Summer 2015 Briefly

Nuggets of news from across campus.

• The Museum of Art and Archaeology celebrated its grand reopening April 19 at 115 Business Loop 70 West. The museum moved out of Pickard Hall Sept. 30, 2013, bringing along more than 16,000 pieces of art. The new location, Mizzou North, was formerly Ellis Fischel Cancer Center.

• Provost Garnett Stokes appointed a campus Title IX administrator, Ellen Eardley, who will work to ensure compliance with Title IX laws and will oversee monitoring of university policy in relation to Title IX. Eardley also will implement grievance and resolution procedures and provide educational materials and training for the campus community.

• Gov. Jay Nixon, BA ’78, JD ’81, released $4.68 million for the University of Missouri School of Medicine Clinical Campus in Springfield. The money is part of the state’s settlement with McGraw Hill Financial Inc., and its wholly owned subsidiary, Standard and Poor’s Financial Services LLC (S&P). The settlement resolves Missouri’s claim alleging that S&P committed securities fraud and deceptive business practices. The Springfield campus will help train more physicians for Missouri, 90 percent of whose counties lack adequate access to health care.

Freshmen Firsts

Tiger Walk and FIGs celebrate 20 years in 2015.

In 1995, the University of Missouri rethought residence halls and began to support learning beyond the classroom. The initiative introduced learning communities, which group students with similar interests, and Freshman Interest Groups, or FIGS, which co‐enroll students in three general‐education classes and a FIG seminar to enhance immersion in the academic process. During the 2015–16 school year, more than 100 FIGs will make up 31 percent of all spaces in residence halls.

It was also 20 years ago that the Mizzou Alumni Association started the Tiger Walk tradition, during which freshmen walk through the Columns toward Jesse Hall to symbolize their entrance into the university.

Social Animals

Pets help children with autism interact socially.

For children with autism, simply asking peers to play can be difficult.

A study by Gretchen Carlisle, M Ed ’10, PhD ’12, a research fellow at the Research Center for Human‐Animal Interaction in the College of Veterinary Medicine, found that children with autism who lived with pets exhibited greater social skills than those who did not.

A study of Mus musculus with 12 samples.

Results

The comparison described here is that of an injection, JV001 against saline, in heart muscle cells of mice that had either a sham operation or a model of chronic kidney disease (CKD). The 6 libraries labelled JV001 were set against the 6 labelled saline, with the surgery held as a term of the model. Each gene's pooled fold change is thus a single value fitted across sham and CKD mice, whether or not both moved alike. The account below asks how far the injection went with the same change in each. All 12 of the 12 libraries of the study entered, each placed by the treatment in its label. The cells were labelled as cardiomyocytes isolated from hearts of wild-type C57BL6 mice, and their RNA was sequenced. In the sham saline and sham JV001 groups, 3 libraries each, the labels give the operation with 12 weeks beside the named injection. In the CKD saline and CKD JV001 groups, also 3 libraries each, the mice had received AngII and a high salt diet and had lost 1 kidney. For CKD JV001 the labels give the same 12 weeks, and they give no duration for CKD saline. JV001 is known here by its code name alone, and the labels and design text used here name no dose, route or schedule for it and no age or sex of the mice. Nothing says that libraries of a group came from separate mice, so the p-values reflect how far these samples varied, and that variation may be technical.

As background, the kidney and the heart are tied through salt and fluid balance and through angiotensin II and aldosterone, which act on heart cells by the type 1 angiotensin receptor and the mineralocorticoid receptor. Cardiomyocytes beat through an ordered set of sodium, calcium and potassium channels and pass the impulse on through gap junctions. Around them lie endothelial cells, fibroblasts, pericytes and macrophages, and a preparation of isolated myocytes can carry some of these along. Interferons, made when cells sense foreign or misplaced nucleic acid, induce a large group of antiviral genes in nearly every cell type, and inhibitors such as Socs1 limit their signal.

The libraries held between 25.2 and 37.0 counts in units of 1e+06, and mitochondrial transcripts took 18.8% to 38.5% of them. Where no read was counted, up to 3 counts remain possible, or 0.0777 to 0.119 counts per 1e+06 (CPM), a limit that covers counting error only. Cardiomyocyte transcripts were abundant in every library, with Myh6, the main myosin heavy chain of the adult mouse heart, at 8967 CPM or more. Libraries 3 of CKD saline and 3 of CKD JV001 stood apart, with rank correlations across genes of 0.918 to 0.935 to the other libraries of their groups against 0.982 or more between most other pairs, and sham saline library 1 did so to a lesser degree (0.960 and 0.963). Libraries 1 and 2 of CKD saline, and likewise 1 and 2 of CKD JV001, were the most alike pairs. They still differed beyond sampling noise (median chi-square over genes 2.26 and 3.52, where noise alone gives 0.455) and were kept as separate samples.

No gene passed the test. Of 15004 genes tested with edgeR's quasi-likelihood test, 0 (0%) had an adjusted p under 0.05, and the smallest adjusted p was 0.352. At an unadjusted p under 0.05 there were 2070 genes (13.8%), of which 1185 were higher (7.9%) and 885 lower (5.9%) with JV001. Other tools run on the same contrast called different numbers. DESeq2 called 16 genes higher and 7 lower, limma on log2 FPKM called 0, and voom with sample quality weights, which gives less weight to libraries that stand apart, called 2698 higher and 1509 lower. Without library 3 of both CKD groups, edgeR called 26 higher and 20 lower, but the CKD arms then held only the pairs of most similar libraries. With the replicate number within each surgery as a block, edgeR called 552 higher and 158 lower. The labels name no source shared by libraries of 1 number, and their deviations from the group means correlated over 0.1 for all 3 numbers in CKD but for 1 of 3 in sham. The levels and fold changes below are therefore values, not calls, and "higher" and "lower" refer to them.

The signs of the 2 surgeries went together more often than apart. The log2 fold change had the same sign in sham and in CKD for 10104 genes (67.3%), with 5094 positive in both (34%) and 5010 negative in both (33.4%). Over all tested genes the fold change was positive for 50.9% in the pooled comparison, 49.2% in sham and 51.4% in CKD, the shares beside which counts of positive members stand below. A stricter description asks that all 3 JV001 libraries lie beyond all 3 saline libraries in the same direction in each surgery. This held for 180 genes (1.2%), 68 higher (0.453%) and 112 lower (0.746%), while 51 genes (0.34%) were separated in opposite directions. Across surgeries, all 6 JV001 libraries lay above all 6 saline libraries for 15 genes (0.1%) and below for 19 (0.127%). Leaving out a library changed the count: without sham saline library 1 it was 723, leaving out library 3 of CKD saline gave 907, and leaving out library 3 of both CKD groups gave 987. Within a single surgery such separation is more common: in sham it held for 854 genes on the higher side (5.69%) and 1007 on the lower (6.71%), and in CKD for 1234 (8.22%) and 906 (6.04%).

The data revealed that children with any kind of pet in the home reported being more likely to engage in behaviors such as introducing themselves, asking for information or responding to other people’s questions,” Carlisle says. “Dogs are good for some kids with autism, but other pets might be better for some children.”

Benificent Bulb

Garlic’s newly discovered health benefit.

Garlic’s properties for protecting health range from lore (repelling vampires) to lab work (reducing inflammation). Now a Mizzou study led by Zezong Gu finds that aged garlic includes a carbohydrate derivative dubbed FruArg, which reverses stress‐related damage to the brain’s immune cells. “Our study demonstrates that certain molecular mechanisms in aged garlic may help the brain become more resilient against the effects of neurological diseases and aging,” says the associate professor of pathology and anatomical sciences. Study funding came from MU’s Center for Botanical Interaction Studies, which launched in 2010 with a $7.6 million grant from the National Institutes of Health.


2 — The Golden Girls’ finish at the National Dance Alliance Collegiate Cheer and Dance Championship, Division IA Dance Open, April 10, 2015, in Daytona Beach, Florida.

11th — Mizzou’s finish at the 2015 NCAA Men’s Swimming and Diving Championships March 28, 2015, in Iowa City, Iowa. The squad’s 132.5 points in the meet concluded the most successful season in team history, besting a 14th‐place finish in 2013 and 95 points in 2014.

25 — Mizzou’s latest ranking in the Division I Learfield Sports Directors’ Cup, a cumulative measure of intercollegiate athletic success.

22.71 — Distance in meters of senior Kearsten Peoples’ best toss to win the NCAA Championship in the women’s weight throw March 13, 2015, in Fayetteville, Arkansas. Peoples (Ottawa, Kansas) edged UCLA senior Ida Storm’s best toss of 22.56.